Liza Berger headshot
Liza Berger

Amid all the dark news emerging about the coronavirus and nursing homes, here’s a bright spot: Beaumont Rehabilitation and Skilled Nursing Center in Worcester County.

Since early April, the Massachusetts facility has been able to fill a unique role in the COVID-19 continuum: caring for COVID-19 patients discharged from the hospital. This story is a feel-good in various ways. Among them: The nursing home kept its own staff; the staff has adequate personal protective equipment and resources; the nearby hospital has provided needed infection control expertise; and it is not putting its own nursing home residents at risk with the chance that they will be exposed to the virus from hospital discharges.   

It is a situation that other top-flight nursing homes with similar profiles in comparable markets should emulate.

But here’s the catch: The nursing home didn’t do it alone. Matt Salmon, CEO of the company that owns Beaumont, told McKnight’s that it was the strength of the partnership among the various entities — the Department of Public Health, state Office of Health and Human Services, and UMass Memorial Medical Center — that made the transformation possible.

“We couldn’t have done it without the Department of Public Health and HHS,” he said. “Their help in managing waivers was critical to our success. What makes the project like this successful is an operator like us willing to take the risk; your Department of Public Health and HHS, who wanted to see this happen from a regulatory and oversight perspective; and support from a hospital that gave us insight into how the disease worked and how to set the building up,” Salmon said. “It got us to a stable and controlled position in terms of our infection control from the beginning.”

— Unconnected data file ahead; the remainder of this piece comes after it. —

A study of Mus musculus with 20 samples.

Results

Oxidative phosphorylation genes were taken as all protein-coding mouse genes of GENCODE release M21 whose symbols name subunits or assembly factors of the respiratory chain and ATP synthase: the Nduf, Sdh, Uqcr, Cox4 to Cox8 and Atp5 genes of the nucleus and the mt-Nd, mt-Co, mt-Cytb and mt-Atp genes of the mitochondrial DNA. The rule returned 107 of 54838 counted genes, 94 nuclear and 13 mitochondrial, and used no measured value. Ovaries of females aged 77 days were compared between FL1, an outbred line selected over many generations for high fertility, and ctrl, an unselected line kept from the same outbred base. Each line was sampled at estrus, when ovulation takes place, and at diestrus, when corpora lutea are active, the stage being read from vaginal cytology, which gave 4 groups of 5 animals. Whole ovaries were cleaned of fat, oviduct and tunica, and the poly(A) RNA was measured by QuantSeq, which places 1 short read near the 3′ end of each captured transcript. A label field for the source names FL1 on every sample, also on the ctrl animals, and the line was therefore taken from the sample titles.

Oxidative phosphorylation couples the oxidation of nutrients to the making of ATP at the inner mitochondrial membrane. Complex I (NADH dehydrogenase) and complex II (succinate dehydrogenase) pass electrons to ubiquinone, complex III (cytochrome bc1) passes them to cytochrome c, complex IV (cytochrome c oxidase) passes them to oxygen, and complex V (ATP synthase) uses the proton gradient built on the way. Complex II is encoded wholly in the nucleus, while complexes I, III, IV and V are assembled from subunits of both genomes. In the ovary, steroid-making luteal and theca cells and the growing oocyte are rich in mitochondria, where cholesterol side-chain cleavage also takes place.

It was a big decision to make. Evacuating 139 residents safely is no small feat. Add to that the inevitable pushback from families and staff, and you’ve got a heavy lift. Fortunately, much of that early trepidation has been eased as residents are settling into their new homes, families have adapted, and staff are adjusting to their new facility.

“Staff feel good because they have PPE, they have good training and education, and are getting good support from the hospital,” Salmon said. “I think they were apprehensive and scared because no one really knew what it meant. There were moments of shock that they have, for the most part, recovered from.”

As for families? Most were understanding; about eight were livid. Not the worst breakdown, according to Salmon, whose grandparents started the business. He said the facility is only going to break even financially and that he did not feel he had a choice about converting the facility. “We understood the disruption this was going to have. We need to protect [residents’] physical health before we work on mental health. The alternative looked pretty bleak.”

He and the building took a leap of faith. In this crisis, whose destruction knows no bounds and which currently has no end in sight, linking arms and jumping may be the best way to survive it.

Liza Berger is Senior Editor at McKnight’s Long-Term Care News.